Quay school systems show improvement

Steve Hansen and Thomas Garcia

Quay County Sun

All four public school systems in Quay County showed improvement in New Mexico’s 2013 school grades from 2012 results, according to the New Mexico

Public Education Department, which released its grades for state public

schools on Thursday.

Among individual schools, Tucumcari High school made the county”s only A grade. House Elementary was the only school to drop a grade from a B to a C.

Converted to grade-point averages, Tucumcari and Logan schools scored the biggest gains, each scoring a 3.0 (B) average in 2013, compared with a 2.3 (C) average in 2012.

House schools showed a gain from a 2.3 average in 2012 to a 2.7 average in 2013.

San Jon schools showed a rise from 2.0 in 2012 to 2.3 in 2013.

Here’s how Quay County schools fared in 2013 (2012 in parentheses):


Elementary: C (C)

Middle: B (B)

High School: A (C)



Elementary: C (B)

Junior High: B (C)

High: B (C)



Elementary: B (B)

Middle: B (C)

High: B (C)


San Jon

Elementary: C (C)

Middle: C (C)

High: B (C)

While this is the third year in which New Mexico schools have been graded by the guidelines of the state’s school accountability system, it the second year

in which the state’s system replaced the federal Adequate Yearly Progress

system last year.

New Mexico was among 11 states allowed to replace the AYP system with its own in 2012.

Tucumcari Schools Assistant Superintendent Dave Johnson said Tucumcari High School’s A grade was very pleasing, but he was not sure how the school

went from A to C to A in three consecutive years.

He said mathematics scores have improved significantly at Tucumcari High

over the past five years. Tucumcari Middle School’s B grade and the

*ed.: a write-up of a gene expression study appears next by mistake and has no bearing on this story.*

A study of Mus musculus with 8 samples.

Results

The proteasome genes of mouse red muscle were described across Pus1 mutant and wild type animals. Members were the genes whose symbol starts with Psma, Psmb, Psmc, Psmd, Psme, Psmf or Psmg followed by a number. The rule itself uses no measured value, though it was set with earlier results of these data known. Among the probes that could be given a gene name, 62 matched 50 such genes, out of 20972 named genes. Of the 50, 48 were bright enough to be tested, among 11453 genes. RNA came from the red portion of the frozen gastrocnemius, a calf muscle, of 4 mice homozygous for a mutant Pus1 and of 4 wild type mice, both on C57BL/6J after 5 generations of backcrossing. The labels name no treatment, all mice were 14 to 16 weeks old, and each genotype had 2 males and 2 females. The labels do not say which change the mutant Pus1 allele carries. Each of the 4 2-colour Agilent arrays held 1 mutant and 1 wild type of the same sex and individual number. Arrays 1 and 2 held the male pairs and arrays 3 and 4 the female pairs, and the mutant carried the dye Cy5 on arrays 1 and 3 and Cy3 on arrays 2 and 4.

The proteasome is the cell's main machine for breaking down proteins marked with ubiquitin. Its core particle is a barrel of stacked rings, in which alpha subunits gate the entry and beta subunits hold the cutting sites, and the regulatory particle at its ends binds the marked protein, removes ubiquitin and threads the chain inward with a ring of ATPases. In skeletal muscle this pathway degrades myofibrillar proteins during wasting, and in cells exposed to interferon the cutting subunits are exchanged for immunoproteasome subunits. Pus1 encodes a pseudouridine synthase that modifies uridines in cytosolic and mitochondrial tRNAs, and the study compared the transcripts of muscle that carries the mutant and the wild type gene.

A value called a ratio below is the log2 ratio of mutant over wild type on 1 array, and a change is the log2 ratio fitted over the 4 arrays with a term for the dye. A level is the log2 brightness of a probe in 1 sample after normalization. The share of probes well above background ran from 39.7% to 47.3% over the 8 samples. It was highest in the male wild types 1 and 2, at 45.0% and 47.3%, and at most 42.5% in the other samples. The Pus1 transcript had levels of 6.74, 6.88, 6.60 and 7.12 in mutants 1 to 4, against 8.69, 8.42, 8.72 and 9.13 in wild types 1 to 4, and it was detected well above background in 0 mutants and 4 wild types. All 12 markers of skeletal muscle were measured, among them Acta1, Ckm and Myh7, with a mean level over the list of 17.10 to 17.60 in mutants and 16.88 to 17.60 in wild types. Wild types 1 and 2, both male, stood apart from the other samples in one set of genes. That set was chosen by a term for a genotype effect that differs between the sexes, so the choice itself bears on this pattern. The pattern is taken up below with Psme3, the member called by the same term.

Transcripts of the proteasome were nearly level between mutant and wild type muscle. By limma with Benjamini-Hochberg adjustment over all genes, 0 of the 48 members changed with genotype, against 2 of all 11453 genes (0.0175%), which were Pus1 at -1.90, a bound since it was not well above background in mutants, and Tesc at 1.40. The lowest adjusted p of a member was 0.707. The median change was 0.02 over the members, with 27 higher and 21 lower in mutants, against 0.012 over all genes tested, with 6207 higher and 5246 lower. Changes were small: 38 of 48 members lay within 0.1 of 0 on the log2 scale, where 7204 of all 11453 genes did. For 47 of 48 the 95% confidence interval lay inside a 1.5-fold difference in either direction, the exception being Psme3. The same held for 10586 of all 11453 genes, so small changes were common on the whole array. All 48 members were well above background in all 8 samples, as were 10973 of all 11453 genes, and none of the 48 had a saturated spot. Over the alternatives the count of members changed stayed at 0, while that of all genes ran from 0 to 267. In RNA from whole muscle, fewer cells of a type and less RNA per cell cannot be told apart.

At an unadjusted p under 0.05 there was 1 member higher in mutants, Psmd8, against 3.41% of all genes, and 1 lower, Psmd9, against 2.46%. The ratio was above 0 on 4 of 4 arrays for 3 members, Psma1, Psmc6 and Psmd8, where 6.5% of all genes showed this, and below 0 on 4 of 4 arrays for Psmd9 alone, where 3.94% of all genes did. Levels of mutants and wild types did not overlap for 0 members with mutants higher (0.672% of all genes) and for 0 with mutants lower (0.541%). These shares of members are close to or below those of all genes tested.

elementary school’s grade of C were unchanged from last year.

Johnson said he was pleased to note that there was improvement in the performance of both the highest-performing students and lowest-performing students this year compared to last.

All three of Logan s schools got B grades. Johnnie Cain, superintendent of Logan Schools, said, We were hoping for better, but I understand the dynamics of the grading system. 

Logan High improved from a C grade last year. The elementary and middle schools  grades were unchanged.

The dyanamics, he said, arise because there are many different areas that are measured in the school report cards. In a small district like Logan, one or two students can affect the percentages significantly, Cain added. He said he was pleased to note learning growth in both high-performing and low-performing students last year.

House Superintendent Lecil Richards said he likes the grading system, because we need to be held accountable.  House elementary was the only school to drop a grade in Quay County, and Richards said that, statewide, all the elementary schools seem to be struggling a bit.  As with Logan, Richards said, the House system is a small one and a couple of kids can make a difference  in how a school scores..

We adopted the state common core standards last year,  he said, and we hope to have them full-blown this year. 

San Jon Superintendent Colin Taylor said he was pleased that San Jon High School advance to a B, but we can always do better,  he added.

Taylor said there was some confusion that resulted from the state mailing out its model for reporting results at the last minute. 

We only had two weeks to fill out all these forms and gather this information,  he said. We think with more time we may have gotten more bonus points.  Bonus points were part of the scoring system for taking specific actions., he said. Also, Taylor said, the formula for determining scores is not easily deciphered. 

He said, however, that he hopes the schools will continue to make progress and improve their scores next year.

Statewide, over 70 percent of New Mexico schools maintained or improved their school grades, a news release from Gov. Susana Martinez s office said. High schools showed the greatest improvement. This is the second official release of school grades since New Mexico instituted the A-F system in 2011.

The 2013 results show that 82 New Mexico schools earned an A grade, while 224 schools achieved a B grade  an increase of 63 schools collectively over the same categories in 2012, the news release said, while The number of D and F schools decreased from 314 in 2012 to 303 in 2013.